Role of AI in Modern Medicine
By Ali Reza
The way researchers diagnose and treat diseases has changed over time—and it seems poised to change again. In fact, new experiments point to a possible use of artificial intelligence in the medical research field. If deployed properly, these AI units could effectively revolutionize the search for better, stronger, more effective medications.
The Way it Was
The search for drugs has not always been a particularly efficient one. Historically, as researchers have tried to diagnose and treat diseases, they have devoted their search to isolating the single mutation on a given gene that might have caused the problem. The problem with this approach is that the onset of a disease is typically triggered by more than just a single genetic variant. There is usually a complex array of factors in play—environmental issues, multi-gene interactions, demographics, and more.
That’s obviously a lot of information to synthesize, which is precisely why drug research has been so laborious, at times so slow and so ineffectual. Computers have never been up to the challenge of analyzing all of this information, either, because there is simply too much of it to fit within standard databases.
Rise of the Robots
Where traditional computing has failed, artificial intelligence may hold some answers. Artificial intelligence may make it possible to tease out interactions from more complex and far-reaching health data, perhaps even offering a quick way to sequence full genomes and ultimately gather more molecular information than ever.
But what exactly does all this mean? What it means, most promisingly, is that precision medicine may one day be a real possibility, not just a pipe dream—and we’ll have AI to thank for it. AI may lead to a world in which researchers can identify all of the unique characteristics that a person has that might lead to the onset of a certain disease, and also to potential avenues of precision treatment.
The concept of precision medicine is nothing new. It has long been a sort of Holy Grail among medicine researchers. Actually treating human beings in a precise manner can be complicated though—because, well, human beings themselves are so complicated.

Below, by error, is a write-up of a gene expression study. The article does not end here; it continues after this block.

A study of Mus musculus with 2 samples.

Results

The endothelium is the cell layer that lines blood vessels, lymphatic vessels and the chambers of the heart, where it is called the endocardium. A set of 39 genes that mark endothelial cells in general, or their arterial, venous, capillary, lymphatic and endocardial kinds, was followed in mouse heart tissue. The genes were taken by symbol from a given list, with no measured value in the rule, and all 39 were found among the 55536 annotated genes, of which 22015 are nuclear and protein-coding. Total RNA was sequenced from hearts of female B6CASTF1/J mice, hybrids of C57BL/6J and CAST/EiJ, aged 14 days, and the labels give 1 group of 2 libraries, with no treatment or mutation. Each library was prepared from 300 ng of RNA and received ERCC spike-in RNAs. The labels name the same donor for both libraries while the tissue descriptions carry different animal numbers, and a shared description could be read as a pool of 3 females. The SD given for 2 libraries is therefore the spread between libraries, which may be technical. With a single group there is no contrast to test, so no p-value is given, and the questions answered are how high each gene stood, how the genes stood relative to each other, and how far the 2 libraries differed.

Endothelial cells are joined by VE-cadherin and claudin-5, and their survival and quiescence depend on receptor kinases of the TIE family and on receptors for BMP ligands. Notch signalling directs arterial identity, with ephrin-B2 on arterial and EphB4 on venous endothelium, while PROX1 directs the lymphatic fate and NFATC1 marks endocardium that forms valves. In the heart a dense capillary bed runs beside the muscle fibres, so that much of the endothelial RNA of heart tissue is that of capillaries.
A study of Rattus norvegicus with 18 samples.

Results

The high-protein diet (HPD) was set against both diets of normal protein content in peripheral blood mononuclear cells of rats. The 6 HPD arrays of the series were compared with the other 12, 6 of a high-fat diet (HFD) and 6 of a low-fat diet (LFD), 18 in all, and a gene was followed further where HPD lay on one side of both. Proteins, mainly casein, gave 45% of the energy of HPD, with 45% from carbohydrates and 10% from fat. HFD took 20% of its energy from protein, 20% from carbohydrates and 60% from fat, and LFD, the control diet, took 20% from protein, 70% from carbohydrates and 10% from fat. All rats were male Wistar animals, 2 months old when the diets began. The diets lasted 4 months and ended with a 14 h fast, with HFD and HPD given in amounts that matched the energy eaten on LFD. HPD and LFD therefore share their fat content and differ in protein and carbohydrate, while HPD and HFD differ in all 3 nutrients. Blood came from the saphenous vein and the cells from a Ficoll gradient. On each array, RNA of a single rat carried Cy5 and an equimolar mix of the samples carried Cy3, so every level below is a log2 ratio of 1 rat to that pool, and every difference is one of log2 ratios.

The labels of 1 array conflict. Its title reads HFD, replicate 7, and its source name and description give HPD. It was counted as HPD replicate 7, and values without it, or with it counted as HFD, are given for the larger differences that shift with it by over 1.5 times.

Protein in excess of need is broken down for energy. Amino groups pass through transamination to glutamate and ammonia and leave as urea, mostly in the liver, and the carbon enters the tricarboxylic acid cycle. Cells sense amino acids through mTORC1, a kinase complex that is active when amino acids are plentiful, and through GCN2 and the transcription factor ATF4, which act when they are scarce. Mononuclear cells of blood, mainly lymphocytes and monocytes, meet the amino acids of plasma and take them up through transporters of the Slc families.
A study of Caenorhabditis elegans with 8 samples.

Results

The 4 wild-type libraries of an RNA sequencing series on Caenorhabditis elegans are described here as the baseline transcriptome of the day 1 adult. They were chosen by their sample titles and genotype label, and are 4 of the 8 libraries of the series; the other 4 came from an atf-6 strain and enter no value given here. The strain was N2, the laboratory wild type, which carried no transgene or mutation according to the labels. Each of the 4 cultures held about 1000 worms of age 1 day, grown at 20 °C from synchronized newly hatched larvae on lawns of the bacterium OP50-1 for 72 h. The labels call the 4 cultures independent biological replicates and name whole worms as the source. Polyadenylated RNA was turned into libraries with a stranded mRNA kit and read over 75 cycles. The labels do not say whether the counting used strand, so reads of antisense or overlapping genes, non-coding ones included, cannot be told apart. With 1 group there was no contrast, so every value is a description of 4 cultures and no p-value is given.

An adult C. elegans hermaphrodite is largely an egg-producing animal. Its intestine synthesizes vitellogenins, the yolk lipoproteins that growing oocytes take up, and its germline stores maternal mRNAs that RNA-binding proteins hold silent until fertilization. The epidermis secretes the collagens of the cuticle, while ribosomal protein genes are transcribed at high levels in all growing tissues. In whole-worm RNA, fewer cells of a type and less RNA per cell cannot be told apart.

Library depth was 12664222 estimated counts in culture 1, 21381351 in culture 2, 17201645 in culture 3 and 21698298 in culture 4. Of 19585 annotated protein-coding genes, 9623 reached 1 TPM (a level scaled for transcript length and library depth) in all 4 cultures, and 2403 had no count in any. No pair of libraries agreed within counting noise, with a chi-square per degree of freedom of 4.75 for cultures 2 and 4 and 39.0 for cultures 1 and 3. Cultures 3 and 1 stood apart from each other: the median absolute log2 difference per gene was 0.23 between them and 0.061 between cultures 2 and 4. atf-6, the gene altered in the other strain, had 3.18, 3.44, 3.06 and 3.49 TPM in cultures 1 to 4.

Precision medicine embraces that complexity. The concept behind it: All of us are wildly distinct, genetically speaking. We differ not only in our genetics, but also in our environmental histories. In precision medicine, the goal is to provide each person with a specific, individualized treatment that takes these distinctions into account—as opposed to the more generalized approach to treatment that is necessary today.
What the Research Says
But back to the robots. Researchers recently presented their approach to AI-empowered healthcare at a New York Academy of Sciences conference. What they presented was, basically, a scenario in which computers are asked to think about genomics, diseases, and disease treatments in the same way that human beings do—only much faster and on a grander scale.
The applications for such a scenario could prove myriad. One particularly noteworthy application is drug research. According to this initial report, AI could be used to identify new uses for existing drugs—uses that previous research methods may have missed. It currently takes an average of 14 years and $2.6 billion to develop a single drug for clinical use, so the implications of AI-enabled methodologies—for pharmaceutical companies as well as for patients—are obviously exciting.
In fact, the researchers who presented these findings have already used an AI system—they call it EMERGENT—to identify new biomarkers that could prove to be drug targets for glaucoma.
So what is the next step for all of this? One immediate goal is to develop a new method to visualize the data produced by these research robots. After all, the AI results will not be useful unless biologists can actually sit down, understand them, and extrapolate. Right now, apps are being developed to make this possible, including some that will allow researchers to immerse themselves in AI data within the confines of a gaming system!
All of it seems promising—and certainly, medical research seems like it could be the best application yet for artificial intelligence.